Does anyone else have a hard time with the irreverent and excessive use of the word “all” in Christian worship culture?
It’s as if by saying it we can somehow pretend like we are “all-in.” But, what “all” are we talking about? It seems to be really easy to use such inclusive words when we maintain such a non-specific aroma to our words. Let’s just leave it as “all” or “all my life.” That way we don’t have to think too much about what “all” really means.
Sorry about the pessimistic rant, but I don’t really think the majority of Christians who sing these songs are being honest with their words. Of course, it’s nice to sing them because it makes us feel as if it might be true. And, in the moment, it probably feels very true. I think “all” mostly means, “All of my attention and affection while I’m here at church singing this song or listening to the pastor.”
I would love to hear a worship leader recognize how difficult these kind of songs can be, especially for those new to the church. I remember it being so difficult to stand there singing these “all” songs without looking around and thinking, “I doubt anyone in here is being honest with themselves when they sing those words. I know I can’t sing these word honestly. They’re just caught up in the moment, pretending to be someone they’re not.”
Anyone who has played hold’em knows that all-in means, “all in!” There’s no holding anything back.
Most of us don’t actually give Jesus all of our lives, although many of us intend to and are trying to respond to every prompting of the Spirit to live as much. There’s always more to give, right? Does it really matter how much of “all” we give to God? It has more to do with how much He has given us, not what we can do for Him! But, if that’s true, why do we feel like we have to sing about it in our songs that are supposed to be worshiping Him for who HE is. What if a large majority of our worship songs are worshiping our devotion to Him instead of His devotion to us? Scary. Even scarier if we’re lying or exaggerating our devotion, the object of our worship.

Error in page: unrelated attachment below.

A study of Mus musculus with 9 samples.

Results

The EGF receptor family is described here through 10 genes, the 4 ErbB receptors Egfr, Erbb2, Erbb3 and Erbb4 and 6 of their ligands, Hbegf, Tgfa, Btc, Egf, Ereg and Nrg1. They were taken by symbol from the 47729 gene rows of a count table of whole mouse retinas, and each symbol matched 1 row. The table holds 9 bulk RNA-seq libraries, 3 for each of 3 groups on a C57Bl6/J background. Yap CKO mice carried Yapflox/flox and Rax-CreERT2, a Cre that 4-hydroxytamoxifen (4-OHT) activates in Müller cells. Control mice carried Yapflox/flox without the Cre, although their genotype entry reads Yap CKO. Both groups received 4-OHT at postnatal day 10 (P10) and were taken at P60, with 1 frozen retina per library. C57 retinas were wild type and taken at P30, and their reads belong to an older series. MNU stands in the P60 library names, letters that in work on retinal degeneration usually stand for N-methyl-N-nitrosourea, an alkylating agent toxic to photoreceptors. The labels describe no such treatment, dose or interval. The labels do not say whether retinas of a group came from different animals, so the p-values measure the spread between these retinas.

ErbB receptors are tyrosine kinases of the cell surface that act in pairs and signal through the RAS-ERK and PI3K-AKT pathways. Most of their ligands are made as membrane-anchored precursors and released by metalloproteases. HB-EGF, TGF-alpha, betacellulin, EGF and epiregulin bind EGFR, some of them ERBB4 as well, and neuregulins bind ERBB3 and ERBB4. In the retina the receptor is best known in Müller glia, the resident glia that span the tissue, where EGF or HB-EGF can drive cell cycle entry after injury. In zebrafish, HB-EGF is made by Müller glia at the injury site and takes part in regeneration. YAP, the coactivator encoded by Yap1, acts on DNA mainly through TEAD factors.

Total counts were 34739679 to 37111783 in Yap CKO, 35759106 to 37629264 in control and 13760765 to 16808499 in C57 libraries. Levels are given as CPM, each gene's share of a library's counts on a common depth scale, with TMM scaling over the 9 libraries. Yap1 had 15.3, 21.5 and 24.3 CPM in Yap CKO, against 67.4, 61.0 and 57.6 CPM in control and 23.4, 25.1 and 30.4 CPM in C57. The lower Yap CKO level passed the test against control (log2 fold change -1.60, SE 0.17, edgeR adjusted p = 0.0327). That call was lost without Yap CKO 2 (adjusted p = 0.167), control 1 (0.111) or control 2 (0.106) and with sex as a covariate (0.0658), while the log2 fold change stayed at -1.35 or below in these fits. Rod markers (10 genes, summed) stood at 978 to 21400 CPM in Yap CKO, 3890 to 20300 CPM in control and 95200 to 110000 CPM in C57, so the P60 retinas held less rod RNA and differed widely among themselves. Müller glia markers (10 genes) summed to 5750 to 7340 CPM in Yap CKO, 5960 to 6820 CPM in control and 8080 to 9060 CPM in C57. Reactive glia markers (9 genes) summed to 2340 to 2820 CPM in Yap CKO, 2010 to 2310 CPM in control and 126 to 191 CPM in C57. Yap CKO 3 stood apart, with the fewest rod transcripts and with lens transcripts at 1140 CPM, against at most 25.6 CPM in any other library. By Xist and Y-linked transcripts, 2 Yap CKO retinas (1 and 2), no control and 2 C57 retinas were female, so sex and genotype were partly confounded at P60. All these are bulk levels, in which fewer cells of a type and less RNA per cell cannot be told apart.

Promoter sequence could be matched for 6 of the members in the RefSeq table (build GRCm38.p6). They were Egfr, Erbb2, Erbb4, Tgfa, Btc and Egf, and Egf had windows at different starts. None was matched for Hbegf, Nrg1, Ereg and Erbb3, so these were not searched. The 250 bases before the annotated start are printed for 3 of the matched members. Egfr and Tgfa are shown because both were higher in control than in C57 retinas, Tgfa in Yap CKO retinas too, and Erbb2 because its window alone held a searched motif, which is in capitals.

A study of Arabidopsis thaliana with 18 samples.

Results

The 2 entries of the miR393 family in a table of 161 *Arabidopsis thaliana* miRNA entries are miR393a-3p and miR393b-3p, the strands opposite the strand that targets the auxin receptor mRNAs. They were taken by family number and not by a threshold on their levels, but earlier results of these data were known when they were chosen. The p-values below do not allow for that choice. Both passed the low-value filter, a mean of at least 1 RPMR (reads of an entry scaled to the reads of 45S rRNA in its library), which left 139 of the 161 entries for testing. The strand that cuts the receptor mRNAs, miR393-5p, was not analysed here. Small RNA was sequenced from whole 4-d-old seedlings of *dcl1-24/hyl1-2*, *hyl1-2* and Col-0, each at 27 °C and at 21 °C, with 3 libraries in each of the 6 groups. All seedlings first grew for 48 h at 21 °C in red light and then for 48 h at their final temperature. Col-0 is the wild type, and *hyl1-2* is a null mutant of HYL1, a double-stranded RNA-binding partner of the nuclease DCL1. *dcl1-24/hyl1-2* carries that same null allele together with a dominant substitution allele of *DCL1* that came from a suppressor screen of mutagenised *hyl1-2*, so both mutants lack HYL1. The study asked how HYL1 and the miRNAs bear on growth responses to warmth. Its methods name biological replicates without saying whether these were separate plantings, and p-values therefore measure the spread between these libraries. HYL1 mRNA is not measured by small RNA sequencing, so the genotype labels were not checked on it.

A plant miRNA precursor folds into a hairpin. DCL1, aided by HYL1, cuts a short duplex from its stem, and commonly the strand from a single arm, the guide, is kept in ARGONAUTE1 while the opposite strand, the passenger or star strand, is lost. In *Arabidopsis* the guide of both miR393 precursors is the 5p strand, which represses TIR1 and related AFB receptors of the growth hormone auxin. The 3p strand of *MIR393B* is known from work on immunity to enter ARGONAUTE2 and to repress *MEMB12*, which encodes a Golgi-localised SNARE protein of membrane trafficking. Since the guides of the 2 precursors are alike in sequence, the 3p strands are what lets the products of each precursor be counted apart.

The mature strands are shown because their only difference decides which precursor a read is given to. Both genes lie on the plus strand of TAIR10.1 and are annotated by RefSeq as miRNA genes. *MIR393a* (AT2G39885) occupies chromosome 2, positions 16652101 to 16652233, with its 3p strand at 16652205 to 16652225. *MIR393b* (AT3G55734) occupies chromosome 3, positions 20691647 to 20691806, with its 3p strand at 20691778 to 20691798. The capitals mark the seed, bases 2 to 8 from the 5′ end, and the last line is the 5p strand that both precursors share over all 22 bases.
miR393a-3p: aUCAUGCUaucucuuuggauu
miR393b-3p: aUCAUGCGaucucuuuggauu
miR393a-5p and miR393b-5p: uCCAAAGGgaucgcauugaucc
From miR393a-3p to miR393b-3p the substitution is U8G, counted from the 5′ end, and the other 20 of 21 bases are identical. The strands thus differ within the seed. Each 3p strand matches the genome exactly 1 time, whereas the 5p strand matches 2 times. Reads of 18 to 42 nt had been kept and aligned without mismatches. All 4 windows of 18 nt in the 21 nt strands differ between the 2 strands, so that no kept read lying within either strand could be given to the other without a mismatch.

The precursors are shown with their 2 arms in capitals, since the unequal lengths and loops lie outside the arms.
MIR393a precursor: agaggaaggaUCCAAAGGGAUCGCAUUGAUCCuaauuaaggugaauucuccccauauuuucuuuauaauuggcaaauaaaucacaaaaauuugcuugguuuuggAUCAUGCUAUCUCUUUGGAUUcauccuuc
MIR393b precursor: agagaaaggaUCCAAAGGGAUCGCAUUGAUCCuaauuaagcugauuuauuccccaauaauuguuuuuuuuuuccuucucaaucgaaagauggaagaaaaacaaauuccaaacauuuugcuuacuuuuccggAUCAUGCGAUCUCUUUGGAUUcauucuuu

What does it mean to but all our trust in Him? Does that mean complete, exclusive trust in Him? Is it possible to trust in God with our “all” while trusting our retirement to provide for us when we are done working, our insurance to take care of us when we get sick, and our emergency fund to rescue us when things go badly? What does “all” really mean? Is it possible to trust two things simultaneously and still claim “all” status for either one of them?
“All I need is You… and oxygen… and food… and clothing… and people who love me unconditionally…” “All” is such a tricky word. I know a lot of people who desire to be completely satisfied by God himself. So much so that they are scared to enter into any sort of relationship that could possibly make them happy because they think that they will no longer be “all-in” with Jesus. What if significant others, children, families and communities aren’t the source of our satisfaction, but are in fact the very vessel of God’s satisfaction into our lives? If that were true it would be working against God to refuse those people access into our lives.
Here’s what I have done. Maybe this will be helpful to you when you encounter these songs at church next time or hear yourself saying these “all” statement when you don’t know if you actually believe them yourselves. Make them into statements of intent, if indeed that is your intent. “I desire for all of my trust to be in You (whether that comes through miraculous provision or a reliable job).” Maybe we need to be better at seeing God in all things, and better at not lying about our commitment to our God in order to feel good about ourselves. Maybe we need to refocus on God’s all directed to us and be less concerned with our all toward Him.